You may have heard of these guys, but have yet to experience the saga that is Guided by Voices up close and personal. Maybe you’ve been a tad gun-shy. Sure, who can blame you? Aside from the baffling origin story—30-something schoolteacher and a rotating cast of beer-fueled buddies record British Invasion-influenced, minute-plus, fascinating tunes in a basement, on boom boxes and 4-track tape machines, toiling in obscurity for a decade—there’s the weird song titles; the crushing low fidelity of their first eight albums; the huge catalog...take your pick. After all, the Robert Pollard-led outfit’s body of work is staggering in sheer size—22 studio albums, 17 EPs, 39 singles, 6 box sets(!) and 6 compilations, in addition to various split EPs and singles—as well as reverence and reputation. But we’re here to help.
Because it’s been a bit of a GBV listening marathon ‘round these parts lately—aided in part by reading former bassist Jim Greer’s book on the band, Guided by Voices: A Brief History: Twenty-One Years of Hunting Accidents in the Forests of Rock and Roll—coupled with our desire to share our love for the Dayton, OH indie rock institution and lo-fi avatars, we started wondering what could be the gateway album for neophytes. This led to putting together a primer on how to immerse oneself in Uncle Bob’s best known exploits. And so here we are. (Note: we’ll be focusing on the studio albums exclusively. You can do the rest of the digging yourself. That’s half the fun anyway, right?) So, shall we?
Where To Start:
There’s some choice stuff among the early albums, but some people you just can’t start ‘em off on a lo-fi tip. Meanwhile, Do the Collapse [TVT-1999], although a solid record, is quite polished and overly produced—what’s up, Ric Ocasek?!—so it’s not the most accurate introduction for a newbie. The Rob Schnapf-produced Isolation Drills [TVT-2001] has the highest quality sound to quality song ratio in the GBV catalog (“Unspirited”, “Glad Girls”, “Privately”) which makes it a perfect starting point. It’s also the studio album that comes closest to capturing the energy of their legendary live shows. (Isolation Drills features Elliott Smith playing keyboards on a couple of tracks.)
1997’s Mag Earwhig! [Matador] is the big anomaly in the band’s catalog in that Pollard fired the prior incarnation and replaced them with Cleveland’s Cobra Verde, lock, stock and barrel. As such, the lone ‘Guided by Verde’ album is a muscular one, chock full of great tunes (“Sad If I Lost It”, “I Am a Tree”, “Bulldog Skin”) and should be your next stop.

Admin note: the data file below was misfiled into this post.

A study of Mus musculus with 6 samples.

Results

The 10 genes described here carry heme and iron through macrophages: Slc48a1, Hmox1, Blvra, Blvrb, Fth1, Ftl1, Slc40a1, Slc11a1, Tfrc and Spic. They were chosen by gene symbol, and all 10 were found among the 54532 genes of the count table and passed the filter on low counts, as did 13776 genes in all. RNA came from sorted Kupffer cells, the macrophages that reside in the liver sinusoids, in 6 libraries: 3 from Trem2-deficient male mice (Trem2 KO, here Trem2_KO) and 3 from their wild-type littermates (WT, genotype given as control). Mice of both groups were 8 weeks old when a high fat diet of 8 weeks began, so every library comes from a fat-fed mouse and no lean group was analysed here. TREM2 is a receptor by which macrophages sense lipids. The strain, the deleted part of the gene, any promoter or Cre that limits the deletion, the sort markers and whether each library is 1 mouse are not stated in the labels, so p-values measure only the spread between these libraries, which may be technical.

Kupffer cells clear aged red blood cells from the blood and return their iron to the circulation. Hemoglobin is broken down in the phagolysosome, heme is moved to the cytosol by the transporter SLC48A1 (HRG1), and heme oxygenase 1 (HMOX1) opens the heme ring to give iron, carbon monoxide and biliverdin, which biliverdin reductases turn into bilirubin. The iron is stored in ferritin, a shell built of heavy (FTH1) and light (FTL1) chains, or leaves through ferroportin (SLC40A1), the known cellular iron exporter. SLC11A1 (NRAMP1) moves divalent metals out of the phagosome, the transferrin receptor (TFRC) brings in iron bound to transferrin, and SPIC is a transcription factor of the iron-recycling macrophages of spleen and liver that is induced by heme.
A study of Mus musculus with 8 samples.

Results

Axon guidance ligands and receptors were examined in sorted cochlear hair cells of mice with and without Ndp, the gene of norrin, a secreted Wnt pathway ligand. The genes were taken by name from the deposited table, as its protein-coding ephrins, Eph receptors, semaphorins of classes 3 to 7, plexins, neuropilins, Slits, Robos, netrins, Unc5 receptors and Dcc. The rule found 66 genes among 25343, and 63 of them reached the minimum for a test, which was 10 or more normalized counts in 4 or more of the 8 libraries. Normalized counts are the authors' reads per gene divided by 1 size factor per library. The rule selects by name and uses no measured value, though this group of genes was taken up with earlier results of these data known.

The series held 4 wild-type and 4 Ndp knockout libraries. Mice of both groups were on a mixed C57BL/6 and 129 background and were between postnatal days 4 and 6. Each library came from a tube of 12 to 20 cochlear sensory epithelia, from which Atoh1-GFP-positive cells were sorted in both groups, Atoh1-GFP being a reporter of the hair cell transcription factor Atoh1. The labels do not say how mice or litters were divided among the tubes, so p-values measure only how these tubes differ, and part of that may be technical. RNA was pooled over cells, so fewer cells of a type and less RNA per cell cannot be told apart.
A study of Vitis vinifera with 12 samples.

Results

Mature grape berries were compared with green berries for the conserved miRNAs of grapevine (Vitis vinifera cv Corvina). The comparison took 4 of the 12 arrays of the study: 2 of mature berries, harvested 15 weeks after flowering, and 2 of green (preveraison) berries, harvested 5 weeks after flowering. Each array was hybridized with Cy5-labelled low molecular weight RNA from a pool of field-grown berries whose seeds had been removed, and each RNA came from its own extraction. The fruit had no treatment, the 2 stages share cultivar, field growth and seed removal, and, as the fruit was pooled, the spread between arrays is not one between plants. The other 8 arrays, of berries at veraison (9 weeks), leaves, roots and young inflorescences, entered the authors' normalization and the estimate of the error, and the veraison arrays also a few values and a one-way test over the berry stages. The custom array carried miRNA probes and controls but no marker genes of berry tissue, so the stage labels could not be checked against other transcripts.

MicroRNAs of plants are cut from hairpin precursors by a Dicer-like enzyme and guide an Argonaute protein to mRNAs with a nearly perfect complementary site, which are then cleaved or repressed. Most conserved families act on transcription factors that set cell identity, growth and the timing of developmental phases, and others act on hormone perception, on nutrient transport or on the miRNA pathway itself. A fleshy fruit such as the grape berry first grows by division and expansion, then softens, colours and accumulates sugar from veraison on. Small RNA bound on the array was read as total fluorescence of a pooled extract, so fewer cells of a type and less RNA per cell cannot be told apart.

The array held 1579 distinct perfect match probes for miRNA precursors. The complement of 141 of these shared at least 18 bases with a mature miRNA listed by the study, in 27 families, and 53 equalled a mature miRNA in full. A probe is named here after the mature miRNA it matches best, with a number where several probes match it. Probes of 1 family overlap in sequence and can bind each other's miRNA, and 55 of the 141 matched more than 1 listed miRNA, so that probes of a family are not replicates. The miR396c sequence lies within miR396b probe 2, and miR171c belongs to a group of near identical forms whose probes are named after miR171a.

Once you are certain this band is to your liking and you are willing to withstand some hardcore lo-fi recording, it's time to move on to what was thought to be the band's final album, one noted for both its songs and the insouciance behind the making of the album itself. Recorded on portable 4-tracks and boom boxes, the lo-fi, basement sound of indie rock landmark Bee Thousand [Scat-1994] (which includes the classics “Tractor Rape Chain” and “Gold Star for Robot Boy”, as well as "I Am a Scientist"), was more the result of financial constraints and dissatisfaction with proper recording studios than an aesthetic (which they fully demonstrated later on when they came into actual recording budgets and name producers) and further proof that great tunes can't be stopped, no matter the circumstances. Named during a marathon weed smoking session—its title approved by Uncle Bob for its resemblance to famed Who guitarist Pete Townshend—this tribute to the British Invasion and Pollard’s “four Ps”: pop, punk rock, progressive rock and psychedelia, remains the single most beloved piece of GBV's musical output.
Even though the success of Bee Thousand led to signing with Matador and, consequently, exposure to a much larger audience, GBV chose to stick to their lo-fi guns and came up with an almost equally stunning followup to its predecessor in Alien Lanes [Matador-1995], home of “A Salty Salute”, “Game of Pricks” and “Motor Away”. Quite the tour de force, Alien Lanes is along with Bee Thousand, the foundation upon which the GBV mythology is based.
What to Avoid:
Every GBV record has gems, but leave the 6 albums from the 2012-2014 span of their reunion for absolute last. (The band first broke up in 2004, went on an extended hiatus, reunited in 2010 and then broke up abruptly in 2014.) Collectively, they sound like the band is trying too hard to capture their "youth" and not being too convincing at it, either. English Little League [GBV-2013] is probably the best among that latter bunch.
Devil Between My Toes [Schwa-1987] Sandbox [Halo-1987] Self-Inflicted Aerial Nostalgia [Halo-1989] Same Place the Fly Got Smashed [Rocket #9-1990] Propeller [Rockathon-1992] Vampire on Titus [Scat-1993] Under the Bushes Under the Stars [Matador-1996] Tonics & Twisted Chasers [Rockathon-1996] Universal Truths and Cycles [Matador-2002] Earthquake Glue [Matador-2003] Half Smiles of the Decomposed [Matador-2004] Let's Go Eat the Factory [GBV-2012] Class Clown Spots a UFO [GBV-2012] The Bears for Lunch [GBV-2012] Motivational Jumpsuit [GBV-2014] Cool Planet [GBV-2014].